The new ’30, 30, 30+’ ambition is designed to be achieved in partnership with government and according to NFU should be a driving force to showcase the British brand and put British food on plates across the world.
In the report it said that food and drink is in demand all over the world and is already enjoyed by people in more than 200 countries. Over the last 10 years the value of agri-food exports grew by over 40%, or £7.3bn, to reach a total of £25bn in 2019
While the report admitted that the industry had seen some challenges in recent years due to Brexit and the pandemic, there was overwhelming support for export growth to continue.
The NFU report added that British food and farming is a success story with it contributing more than £127bn (GVA) to the economy, creating more than four million jobs.
The strategy contained a 10-point plan which included: identifying and unlocking target markets; removing market access barriers through FTA negotiations; and the appointment of an agri-food exports government minister. It also suggested investing in technical expertise at home and abroad and a review current marketing and promotional activities for agri-food exports.
“The premium quality of British food is recognised all around the world. Our iconic products, such as Cheddar cheese and British lamb, are not just known for their quality, but the high standards and sustainability they are produced to,” said NFU president Minette Batters said.
“As we enter a new world where the UK aims to be a major player in global trade, and our farmers will be facing much more competition from imports, now is the time to drive our agri-food exports. There are some fantastic opportunities for Britain in our new trading relationships and for British food and farming.”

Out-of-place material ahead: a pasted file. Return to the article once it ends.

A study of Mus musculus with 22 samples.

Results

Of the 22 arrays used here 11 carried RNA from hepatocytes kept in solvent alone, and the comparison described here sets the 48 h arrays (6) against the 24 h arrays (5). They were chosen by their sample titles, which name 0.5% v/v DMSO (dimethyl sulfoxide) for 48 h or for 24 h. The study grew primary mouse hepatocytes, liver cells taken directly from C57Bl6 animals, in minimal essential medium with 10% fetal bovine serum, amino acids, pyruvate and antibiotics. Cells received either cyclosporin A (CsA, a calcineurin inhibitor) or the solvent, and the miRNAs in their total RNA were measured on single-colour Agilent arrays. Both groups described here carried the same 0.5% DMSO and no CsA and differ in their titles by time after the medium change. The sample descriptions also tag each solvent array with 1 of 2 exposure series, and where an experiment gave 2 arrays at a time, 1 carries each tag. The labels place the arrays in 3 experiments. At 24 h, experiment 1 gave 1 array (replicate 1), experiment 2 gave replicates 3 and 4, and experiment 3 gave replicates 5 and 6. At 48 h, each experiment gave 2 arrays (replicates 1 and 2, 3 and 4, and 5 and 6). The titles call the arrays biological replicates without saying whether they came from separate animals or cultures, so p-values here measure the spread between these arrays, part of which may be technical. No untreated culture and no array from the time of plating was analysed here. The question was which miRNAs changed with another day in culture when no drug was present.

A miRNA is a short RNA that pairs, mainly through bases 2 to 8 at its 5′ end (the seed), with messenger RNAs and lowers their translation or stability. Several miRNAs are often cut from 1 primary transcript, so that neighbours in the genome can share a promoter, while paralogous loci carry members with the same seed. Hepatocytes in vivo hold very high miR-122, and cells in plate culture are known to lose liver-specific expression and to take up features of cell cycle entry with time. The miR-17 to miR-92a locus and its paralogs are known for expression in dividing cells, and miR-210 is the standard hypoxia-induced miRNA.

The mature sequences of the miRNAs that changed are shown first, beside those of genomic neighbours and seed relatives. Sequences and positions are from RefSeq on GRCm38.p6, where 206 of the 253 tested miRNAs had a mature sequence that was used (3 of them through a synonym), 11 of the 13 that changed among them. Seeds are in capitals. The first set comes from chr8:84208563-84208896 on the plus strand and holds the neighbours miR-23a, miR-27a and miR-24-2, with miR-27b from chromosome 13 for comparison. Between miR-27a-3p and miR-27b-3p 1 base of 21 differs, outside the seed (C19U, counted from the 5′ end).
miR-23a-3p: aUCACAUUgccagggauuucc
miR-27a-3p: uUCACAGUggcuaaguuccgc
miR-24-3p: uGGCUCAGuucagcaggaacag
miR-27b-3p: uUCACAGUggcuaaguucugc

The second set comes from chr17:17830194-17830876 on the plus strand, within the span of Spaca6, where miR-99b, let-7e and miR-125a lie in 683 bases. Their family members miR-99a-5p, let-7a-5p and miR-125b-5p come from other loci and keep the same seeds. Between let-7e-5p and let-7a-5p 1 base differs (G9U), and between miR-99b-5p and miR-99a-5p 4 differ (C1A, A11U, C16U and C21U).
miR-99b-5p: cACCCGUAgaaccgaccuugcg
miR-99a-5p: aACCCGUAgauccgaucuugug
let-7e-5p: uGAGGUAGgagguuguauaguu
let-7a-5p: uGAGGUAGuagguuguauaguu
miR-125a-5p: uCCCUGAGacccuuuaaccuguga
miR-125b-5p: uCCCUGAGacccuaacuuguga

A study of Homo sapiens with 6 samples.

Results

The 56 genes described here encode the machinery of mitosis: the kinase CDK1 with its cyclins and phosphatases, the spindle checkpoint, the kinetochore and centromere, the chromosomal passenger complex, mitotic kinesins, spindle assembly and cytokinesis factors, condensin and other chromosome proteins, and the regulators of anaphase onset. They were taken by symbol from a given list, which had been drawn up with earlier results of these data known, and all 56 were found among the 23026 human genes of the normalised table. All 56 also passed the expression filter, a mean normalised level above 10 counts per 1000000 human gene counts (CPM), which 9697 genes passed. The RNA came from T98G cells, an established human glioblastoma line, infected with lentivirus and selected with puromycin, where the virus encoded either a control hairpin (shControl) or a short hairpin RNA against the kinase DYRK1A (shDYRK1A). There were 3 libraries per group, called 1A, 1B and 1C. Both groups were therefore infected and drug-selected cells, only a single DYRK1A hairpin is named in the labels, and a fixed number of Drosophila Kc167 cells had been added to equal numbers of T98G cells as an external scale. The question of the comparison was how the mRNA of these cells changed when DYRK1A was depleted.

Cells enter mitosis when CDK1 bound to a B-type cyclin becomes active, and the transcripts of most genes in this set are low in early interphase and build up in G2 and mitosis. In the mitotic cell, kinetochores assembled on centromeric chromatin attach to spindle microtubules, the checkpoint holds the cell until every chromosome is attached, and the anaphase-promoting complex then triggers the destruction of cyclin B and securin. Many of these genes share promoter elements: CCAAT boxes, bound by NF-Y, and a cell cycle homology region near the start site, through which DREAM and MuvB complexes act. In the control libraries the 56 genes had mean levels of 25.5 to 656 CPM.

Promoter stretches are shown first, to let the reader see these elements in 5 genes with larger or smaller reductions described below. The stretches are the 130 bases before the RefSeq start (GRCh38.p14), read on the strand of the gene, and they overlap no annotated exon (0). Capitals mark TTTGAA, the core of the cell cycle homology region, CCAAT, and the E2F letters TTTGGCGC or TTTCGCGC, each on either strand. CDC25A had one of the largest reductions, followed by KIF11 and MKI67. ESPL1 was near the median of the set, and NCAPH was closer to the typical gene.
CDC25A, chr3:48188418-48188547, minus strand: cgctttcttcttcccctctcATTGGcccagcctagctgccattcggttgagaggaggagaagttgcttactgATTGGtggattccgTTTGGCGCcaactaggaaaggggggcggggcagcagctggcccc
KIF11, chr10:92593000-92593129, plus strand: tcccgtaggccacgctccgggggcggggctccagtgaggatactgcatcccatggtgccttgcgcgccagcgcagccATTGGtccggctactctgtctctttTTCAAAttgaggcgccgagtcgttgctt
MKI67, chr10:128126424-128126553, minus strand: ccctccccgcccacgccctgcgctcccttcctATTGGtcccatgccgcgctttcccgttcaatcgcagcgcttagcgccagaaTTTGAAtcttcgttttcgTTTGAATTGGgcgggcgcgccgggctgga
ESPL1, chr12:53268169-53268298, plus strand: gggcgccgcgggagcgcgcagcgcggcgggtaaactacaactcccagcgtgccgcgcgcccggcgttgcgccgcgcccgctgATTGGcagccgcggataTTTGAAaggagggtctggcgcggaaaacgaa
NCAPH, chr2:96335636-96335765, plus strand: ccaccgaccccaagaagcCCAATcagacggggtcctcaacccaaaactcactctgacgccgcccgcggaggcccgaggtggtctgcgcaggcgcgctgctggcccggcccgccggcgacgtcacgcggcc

Batters added: “We also shouldn’t be afraid to take a leaf out of our competitors’ playbooks either. The likes of Australia, New Zealand and the USA are competitive exporters because they put the experts and resources into their target markets. That’s something our government should be looking to emulate and work with farmers to achieve.”
The NFU has said it would also be launching a dedicated export strategy for red meat.
Meanwhile, an NFU Scotland delegation has completed an intensive two-day cross-party lobbying visit to Westminster highlighting the critical issues impacting farmers and crofters to politicians.
President Martin Kennedy said: “NFU Scotland continues to put food security front and centre of our lobbying priorities. It is abundantly clear that the context around food security has shifted, and we need political action to address it in the short and medium term."
“Post-Brexit labour shortages and other ongoing Brexit issues such as the loss of the seed potato market to Europe were also on the agenda. As was the recognition that rapid land use change will compromise our ability to produce food in an increasingly unstable operating environment."